With open-water swimming one of the fastest growing sports in the UK, we cast our eyes to Shropshire’s own pioneer, Captain Matthew Webb. This August marks the 140th anniversary of his historic achievement: being the first person to swim the English Channel. To this day, more people have climbed Everest than have successfully swum between England and France. Stephen Roberts takes up the story…
It took 21 hours and 45 minutes, and 39 miles of fierce winds and treacherous currents, but one of Shropshire’s own made history when he emerged exhausted but triumphant on the French side of La Manche. The 27-year-old master mariner had set off from Admiralty Pier in Dover the day before, swimming regulation breaststroke. When he staggered onto dry land, he was an instant celebrity and had set the scene for thousands to follow though, after Webb’s historic feat in August 1875, the Channel would not be swum again for 36 years.
Matthew Webb was born in January 1848 in the mining village of Dawley, long before Telford was even dreamt of. Revolutionary convulsions were rife in Europe, and Britain was at the height of the Industrial Revolution. He would have grand ideas of his own, it seems, though where they came from is a bit of a mystery. His father was a local doctor and a pillar of the community, but young Webb, one of eight, had something of the maverick about him and seems to have had salt-water in his nostrils from a young age. He made no secret of his desire to go to sea, not uncommon in those times but unusual for a land-locked Shropshire lad.
A bold young swimmer
What marked Webb out was his incredibly strong swimming. Having learnt in Coalbrookdale in the notoriously treacherous waters of the Severn, he enlisted in the Merchant Navy at 12 and set to sea with Cunard aged just 14. He quickly developed a reputation for being fearless; on one occasion he jumped overboard, mid-Atlantic, to try and save a drowning man. He failed but earned £100 for his courage.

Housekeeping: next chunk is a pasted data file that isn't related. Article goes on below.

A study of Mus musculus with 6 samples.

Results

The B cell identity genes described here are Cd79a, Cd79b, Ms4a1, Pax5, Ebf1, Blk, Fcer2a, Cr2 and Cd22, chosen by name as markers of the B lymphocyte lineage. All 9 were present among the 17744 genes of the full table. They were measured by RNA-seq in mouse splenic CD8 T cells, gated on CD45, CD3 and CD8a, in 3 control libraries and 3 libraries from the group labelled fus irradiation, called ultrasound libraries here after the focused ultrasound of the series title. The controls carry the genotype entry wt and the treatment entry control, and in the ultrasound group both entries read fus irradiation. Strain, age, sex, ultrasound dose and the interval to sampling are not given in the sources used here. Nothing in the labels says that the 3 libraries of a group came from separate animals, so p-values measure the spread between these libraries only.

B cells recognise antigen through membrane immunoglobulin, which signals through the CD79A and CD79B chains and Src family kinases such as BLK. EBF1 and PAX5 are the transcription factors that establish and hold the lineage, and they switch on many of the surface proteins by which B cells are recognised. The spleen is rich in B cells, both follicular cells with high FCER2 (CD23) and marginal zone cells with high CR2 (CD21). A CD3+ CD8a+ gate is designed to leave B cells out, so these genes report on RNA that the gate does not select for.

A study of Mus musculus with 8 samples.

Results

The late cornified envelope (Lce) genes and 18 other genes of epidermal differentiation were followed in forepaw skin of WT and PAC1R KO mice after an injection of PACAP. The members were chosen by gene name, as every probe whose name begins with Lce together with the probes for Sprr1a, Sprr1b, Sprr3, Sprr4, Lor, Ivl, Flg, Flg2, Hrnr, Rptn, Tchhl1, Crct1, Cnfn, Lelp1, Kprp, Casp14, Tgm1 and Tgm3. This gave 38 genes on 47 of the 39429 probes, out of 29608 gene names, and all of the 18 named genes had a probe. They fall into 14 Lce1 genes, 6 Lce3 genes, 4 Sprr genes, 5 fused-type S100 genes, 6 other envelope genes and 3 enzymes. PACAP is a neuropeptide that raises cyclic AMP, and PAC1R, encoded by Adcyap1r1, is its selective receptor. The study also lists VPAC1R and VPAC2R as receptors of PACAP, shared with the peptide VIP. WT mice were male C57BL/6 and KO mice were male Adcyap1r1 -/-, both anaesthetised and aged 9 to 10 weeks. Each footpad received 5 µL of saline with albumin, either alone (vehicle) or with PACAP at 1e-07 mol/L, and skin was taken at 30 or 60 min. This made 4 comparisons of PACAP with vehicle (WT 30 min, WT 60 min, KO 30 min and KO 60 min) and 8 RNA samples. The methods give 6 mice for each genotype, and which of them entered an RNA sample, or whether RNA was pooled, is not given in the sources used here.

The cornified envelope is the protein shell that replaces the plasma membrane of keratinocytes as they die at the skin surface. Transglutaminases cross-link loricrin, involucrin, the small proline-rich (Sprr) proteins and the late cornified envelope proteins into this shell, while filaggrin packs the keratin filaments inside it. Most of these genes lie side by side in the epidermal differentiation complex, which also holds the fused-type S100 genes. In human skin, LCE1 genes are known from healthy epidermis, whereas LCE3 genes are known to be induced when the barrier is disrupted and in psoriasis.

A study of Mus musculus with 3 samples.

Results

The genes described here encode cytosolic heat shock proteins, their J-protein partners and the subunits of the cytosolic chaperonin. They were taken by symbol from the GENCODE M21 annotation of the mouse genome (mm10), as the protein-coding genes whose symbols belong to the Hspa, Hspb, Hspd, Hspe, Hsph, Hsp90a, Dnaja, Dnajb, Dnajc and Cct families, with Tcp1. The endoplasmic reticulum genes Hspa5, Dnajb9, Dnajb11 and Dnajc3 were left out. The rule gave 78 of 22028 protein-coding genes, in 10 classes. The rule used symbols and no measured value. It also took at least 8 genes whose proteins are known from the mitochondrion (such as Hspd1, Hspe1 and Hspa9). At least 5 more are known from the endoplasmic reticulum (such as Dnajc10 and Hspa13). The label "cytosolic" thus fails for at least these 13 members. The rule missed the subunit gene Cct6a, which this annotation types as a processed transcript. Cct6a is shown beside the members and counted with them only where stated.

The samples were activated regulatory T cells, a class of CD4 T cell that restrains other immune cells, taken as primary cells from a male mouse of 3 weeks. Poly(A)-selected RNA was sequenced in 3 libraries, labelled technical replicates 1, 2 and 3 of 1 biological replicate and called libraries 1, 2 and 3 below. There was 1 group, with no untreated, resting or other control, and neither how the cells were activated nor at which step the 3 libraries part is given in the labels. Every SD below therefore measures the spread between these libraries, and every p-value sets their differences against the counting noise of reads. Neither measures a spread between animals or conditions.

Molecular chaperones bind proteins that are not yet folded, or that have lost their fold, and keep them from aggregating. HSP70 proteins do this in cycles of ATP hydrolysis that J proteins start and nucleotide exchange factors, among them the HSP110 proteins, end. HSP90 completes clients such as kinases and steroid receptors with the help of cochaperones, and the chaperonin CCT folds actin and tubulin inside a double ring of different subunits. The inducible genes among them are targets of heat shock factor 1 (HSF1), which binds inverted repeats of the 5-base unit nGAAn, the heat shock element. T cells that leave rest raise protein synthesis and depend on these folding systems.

The Naval career went well and in 1873 Captain Webb read of a failed attempt to swim the Channel by the American swimmer JB Johnson. This proved an irresistible challenge and he quit his post as a steamship captain and moved to London where he began training in earnest. Stamina work at Lambeth Baths was followed by outdoor swims in the Thames and the Channel itself.
Stormy seas ahead
Webb’s first attempt at the Channel ended in failure when a violent storm blew up seven hours in. It was a timely reminder that the rough sea was no swimming pool – yet 12 days later, the indefatigable Webb was back on his starting blocks, smeared in porpoise oil and backed up by three support boats.
This time Webb was stung by a jellyfish after eight hours, but a dose of brandy helped him continue. The rest, as they say, is history, and the strains of ‘Rule Britannia’ greeted his arrival in La Belle France.
Webb returned to a hero’s welcome. Arriving at Wellington rail station, he was greeted by large crowds and was escorted back to Dawley to the tones of a brass band. He would never return to a life at sea. Instead he made a living as an exhibition swimmer both at home and abroad and won the Swimming Championships of England. He also penned a book, The Art of Swimming.
A tragic end
But his fame was short lived. Webb’s eventful life ended in tragedy when he was drowned attempting to swim the Niagara rapids in July 1883, aged 35. It appears he was dragged under just 10 minutes into a swim which many regarded as suicidal, but which for Webb was a typical manifestation of his love for risk and challenge. It took four days for his body to be found, wearing the same bathing costume he had worn on his Channel conquest eight years earlier.
In 1909, a memorial was unveiled to Matthew Webb in his home village of Dawley in the form of a drinking fountain. It sits at the bottom of the High Street, close to his former home. ‘Nothing great is easy’ it says; a suitable epitaph if ever there was one.
Webb-ed feats / In the swim
- A film of the story of Captain Webb, starring Warren Brown in the title role, is due for release later this year.
- The British Outdoor Swimming Society has grown from 300 members in 2006 to its current membership of over 23,000.
- Since Matthew Webb’s first swim in 1875 there have been 1,284 solo Channel swims and 628 relays.
- The fastest Channel swim was by Chad Hundeby of the US in 1994 in a time of 7 hours 17 seconds.
- Shropshire Outdoor Swimmers is a Facebook group set up two years ago by enthusiast Lynne Cook and has over 250 members. Members meet for swims around the region.
- Andrew Fusek Peters (whose shots have graced the covers of What’s What!) has penned a book Dip: Wild Swims from the Borderlands, which shares some great swimming places locally.
- The Channel Swimming Association was founded in 1927 and provides support and authentication for Channel swimmers, as well as strict rules – such as no wetsuits!